UK startup Alfie Cameras is looking for beta testers for the Alfie TYCH, its under-development half-frame 35mm film camera, ahead of a planned Kickstarter launch this September. If you’re game to provide feedback on a weird and wacky new film camera, you can sign up on Alfie Cameras’ website. If you need a little more convincing, here’s what you would be signing up for.
Half the frame, double the fun
Like the recently released Kodak Ektar, the Alfie TYCH is a compact and pocketable half-frame camera which means you get 72 half-size photos with a standard roll of 35mm film. The name TYCH is a play on diptych, a term for two pieces of art that are designed to be considered together—something that is often done with half-frame cameras.
Triple lenses—and maybe more
While many modern film cameras (and other products) go for a retro vibe, the Alfie TYCH is conspicuously modern. In its current prototype form, it looks totally different from any camera I’ve ever seen before.
Most uniquely, it has three lenses—and potentially room for a fourth. At present, they’re an f/8 meniscus lens repurposed from Kodak Funsaver disposable cameras, a pinhole lens, and something called a Zone Sieve lens.
In an interview with 35mmc, Dave Faulkner, Alfie Camera’s owner and designer, explains that “Zone Sieve lenses are created so that lightwaves interfere with each other giving the images a rather dreamy look.” How this plays out in the TYCH, will presumably depend on feedback from the beta testers.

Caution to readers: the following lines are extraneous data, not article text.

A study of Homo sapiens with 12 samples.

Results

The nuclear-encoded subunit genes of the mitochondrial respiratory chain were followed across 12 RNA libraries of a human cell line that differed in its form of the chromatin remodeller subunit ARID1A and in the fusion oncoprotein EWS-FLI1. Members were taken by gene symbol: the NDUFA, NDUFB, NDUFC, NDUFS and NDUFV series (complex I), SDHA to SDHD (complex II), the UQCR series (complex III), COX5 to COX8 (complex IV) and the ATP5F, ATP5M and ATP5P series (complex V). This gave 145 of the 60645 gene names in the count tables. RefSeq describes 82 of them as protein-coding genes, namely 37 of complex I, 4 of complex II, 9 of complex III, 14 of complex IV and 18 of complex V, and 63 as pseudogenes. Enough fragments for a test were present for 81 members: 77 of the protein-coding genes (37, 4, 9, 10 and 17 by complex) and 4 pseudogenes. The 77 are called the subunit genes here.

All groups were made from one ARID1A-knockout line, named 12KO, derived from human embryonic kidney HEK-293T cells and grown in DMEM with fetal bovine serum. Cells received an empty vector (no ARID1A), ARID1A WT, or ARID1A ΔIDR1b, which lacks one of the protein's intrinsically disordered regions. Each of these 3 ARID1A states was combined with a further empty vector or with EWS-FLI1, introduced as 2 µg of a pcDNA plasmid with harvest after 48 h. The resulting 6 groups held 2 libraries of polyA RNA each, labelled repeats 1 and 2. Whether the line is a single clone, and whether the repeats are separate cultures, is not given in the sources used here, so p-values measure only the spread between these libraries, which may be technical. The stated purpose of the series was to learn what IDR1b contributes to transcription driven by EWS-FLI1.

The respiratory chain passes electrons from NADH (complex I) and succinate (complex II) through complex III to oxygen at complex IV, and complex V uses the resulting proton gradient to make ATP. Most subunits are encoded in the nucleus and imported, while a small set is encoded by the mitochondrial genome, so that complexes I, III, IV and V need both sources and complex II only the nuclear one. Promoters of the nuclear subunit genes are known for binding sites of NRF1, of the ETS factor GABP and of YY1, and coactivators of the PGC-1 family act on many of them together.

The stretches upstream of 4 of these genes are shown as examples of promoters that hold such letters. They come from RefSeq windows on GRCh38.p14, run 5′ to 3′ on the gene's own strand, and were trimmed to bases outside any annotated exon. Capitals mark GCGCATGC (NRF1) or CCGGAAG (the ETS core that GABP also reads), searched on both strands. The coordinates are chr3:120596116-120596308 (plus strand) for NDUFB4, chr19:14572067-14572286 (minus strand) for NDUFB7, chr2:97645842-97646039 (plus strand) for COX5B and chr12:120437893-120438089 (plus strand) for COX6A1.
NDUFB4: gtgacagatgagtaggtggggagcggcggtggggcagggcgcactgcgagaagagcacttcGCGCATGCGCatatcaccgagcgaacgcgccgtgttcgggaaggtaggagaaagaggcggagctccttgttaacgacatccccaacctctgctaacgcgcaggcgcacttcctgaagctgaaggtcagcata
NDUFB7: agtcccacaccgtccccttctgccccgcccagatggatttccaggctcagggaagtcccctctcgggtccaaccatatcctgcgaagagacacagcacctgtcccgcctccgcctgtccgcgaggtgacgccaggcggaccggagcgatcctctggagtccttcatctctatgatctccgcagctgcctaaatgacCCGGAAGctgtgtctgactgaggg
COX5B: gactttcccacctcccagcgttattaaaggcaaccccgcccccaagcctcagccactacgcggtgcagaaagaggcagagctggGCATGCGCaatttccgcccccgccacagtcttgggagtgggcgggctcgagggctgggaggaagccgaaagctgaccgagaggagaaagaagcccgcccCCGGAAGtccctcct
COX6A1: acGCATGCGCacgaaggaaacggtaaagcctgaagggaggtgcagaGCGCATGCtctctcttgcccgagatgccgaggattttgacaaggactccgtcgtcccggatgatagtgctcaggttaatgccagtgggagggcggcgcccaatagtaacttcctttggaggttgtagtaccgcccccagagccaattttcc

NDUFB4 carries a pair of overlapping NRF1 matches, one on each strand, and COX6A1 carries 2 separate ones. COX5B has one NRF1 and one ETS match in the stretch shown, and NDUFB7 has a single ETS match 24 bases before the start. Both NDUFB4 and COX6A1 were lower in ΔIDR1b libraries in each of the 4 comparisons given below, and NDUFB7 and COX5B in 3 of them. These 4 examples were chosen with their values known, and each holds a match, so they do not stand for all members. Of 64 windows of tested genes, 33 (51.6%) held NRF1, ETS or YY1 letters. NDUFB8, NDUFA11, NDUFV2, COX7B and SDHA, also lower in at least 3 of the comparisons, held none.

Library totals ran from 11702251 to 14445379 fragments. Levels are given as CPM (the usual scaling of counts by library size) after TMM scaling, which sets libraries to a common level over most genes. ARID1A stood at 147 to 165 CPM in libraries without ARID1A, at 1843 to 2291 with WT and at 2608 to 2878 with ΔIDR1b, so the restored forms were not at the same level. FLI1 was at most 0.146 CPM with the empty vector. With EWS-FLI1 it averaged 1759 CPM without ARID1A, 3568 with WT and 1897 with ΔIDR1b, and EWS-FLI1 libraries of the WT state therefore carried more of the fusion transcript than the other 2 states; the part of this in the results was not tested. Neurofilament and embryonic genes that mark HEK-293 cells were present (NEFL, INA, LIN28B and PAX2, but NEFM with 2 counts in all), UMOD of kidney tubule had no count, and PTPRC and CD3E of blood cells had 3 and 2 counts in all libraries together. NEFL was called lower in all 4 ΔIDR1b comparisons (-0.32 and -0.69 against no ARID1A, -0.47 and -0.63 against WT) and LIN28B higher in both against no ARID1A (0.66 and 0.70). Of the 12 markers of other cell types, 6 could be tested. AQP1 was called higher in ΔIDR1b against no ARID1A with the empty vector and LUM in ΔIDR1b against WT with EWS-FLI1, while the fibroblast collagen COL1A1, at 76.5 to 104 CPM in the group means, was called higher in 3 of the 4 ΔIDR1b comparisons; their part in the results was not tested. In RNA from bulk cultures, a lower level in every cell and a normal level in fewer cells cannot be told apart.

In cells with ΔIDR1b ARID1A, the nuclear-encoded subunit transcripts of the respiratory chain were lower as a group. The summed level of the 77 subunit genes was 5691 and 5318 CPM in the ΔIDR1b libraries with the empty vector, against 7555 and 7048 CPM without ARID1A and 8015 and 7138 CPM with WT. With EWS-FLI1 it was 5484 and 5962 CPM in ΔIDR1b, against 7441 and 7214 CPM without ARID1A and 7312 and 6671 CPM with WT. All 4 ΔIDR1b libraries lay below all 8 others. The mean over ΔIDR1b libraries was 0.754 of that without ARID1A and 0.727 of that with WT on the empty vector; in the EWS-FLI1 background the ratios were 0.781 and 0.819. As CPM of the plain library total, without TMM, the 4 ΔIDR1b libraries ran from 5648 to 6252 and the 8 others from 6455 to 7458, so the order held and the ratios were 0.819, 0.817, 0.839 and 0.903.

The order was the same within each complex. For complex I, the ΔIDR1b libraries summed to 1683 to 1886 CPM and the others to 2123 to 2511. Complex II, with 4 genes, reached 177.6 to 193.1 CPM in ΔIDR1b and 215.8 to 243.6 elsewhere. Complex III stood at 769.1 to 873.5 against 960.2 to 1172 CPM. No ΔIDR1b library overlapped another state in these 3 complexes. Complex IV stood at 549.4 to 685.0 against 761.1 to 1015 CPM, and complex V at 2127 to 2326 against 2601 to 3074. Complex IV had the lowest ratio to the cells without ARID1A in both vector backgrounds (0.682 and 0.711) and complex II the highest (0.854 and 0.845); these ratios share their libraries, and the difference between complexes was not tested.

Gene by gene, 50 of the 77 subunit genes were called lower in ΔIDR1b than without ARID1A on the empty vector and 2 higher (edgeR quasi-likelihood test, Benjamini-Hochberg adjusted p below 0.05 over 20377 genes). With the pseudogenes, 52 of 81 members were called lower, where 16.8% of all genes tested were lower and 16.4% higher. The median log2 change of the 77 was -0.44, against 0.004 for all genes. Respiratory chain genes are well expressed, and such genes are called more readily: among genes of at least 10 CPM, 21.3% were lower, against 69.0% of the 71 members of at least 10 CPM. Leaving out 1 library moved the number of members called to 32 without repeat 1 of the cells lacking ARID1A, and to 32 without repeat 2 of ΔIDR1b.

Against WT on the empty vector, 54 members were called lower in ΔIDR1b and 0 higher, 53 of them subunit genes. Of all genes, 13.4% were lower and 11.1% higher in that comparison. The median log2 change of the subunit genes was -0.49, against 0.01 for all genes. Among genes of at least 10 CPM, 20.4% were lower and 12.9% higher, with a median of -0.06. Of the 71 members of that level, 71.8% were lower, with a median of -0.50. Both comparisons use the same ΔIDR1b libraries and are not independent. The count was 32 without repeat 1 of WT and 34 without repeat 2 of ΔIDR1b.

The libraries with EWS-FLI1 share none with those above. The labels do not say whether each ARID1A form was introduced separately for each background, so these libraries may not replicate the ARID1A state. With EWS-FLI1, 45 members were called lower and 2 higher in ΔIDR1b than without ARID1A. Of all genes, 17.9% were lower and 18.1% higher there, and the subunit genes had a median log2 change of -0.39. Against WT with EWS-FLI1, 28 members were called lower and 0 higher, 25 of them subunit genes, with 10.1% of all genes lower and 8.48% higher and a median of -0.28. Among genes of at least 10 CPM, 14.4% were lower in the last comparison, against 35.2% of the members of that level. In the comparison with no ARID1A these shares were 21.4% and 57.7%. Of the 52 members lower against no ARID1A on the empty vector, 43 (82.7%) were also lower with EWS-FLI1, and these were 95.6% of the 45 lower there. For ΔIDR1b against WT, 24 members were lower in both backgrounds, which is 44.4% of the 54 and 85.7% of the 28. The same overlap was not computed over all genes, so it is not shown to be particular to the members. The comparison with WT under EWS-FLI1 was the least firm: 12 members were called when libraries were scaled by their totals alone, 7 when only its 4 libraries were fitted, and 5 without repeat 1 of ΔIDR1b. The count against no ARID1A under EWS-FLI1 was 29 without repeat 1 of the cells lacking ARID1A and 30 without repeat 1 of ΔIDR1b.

There’s also a fourth slot on the lens selection wheel. In the same interview, Faulkner explains that he’d like to include a glass lens but that would require working with a partner and may be something for a future version of the TYCH.
Full control & USB charging
Unlike a lot of half-frame and other weird and fun cameras, the TYCH comes with both automatic and fully manual shooting modes. You will even be able to shoot double exposures if you like. Combined with the three different lenses, this allows for a wild amount of unusual creative shooting options.
The TYCH also has a battery that charges over USB-C. If tracking down old batteries is one of the things you like least about film photography, that’s sure to be a bonus.
While the Alfie TYCH seems to be a relatively fully realized idea, it’s important to note that it is very much still in prototype mode. That’s why Faulkner is looking for beta testers.
The final pricing, availability, and even appearance are unlikely to be known until the Kickstarter launches. According to Alfie Cameras, they are planning for September—though as with all physical products, we wouldn’t be surprised if that slipped a few weeks.
Still—we’re super excited to see such a novel and weird camera get developed. And I’ve already volunteered myself for beta testing.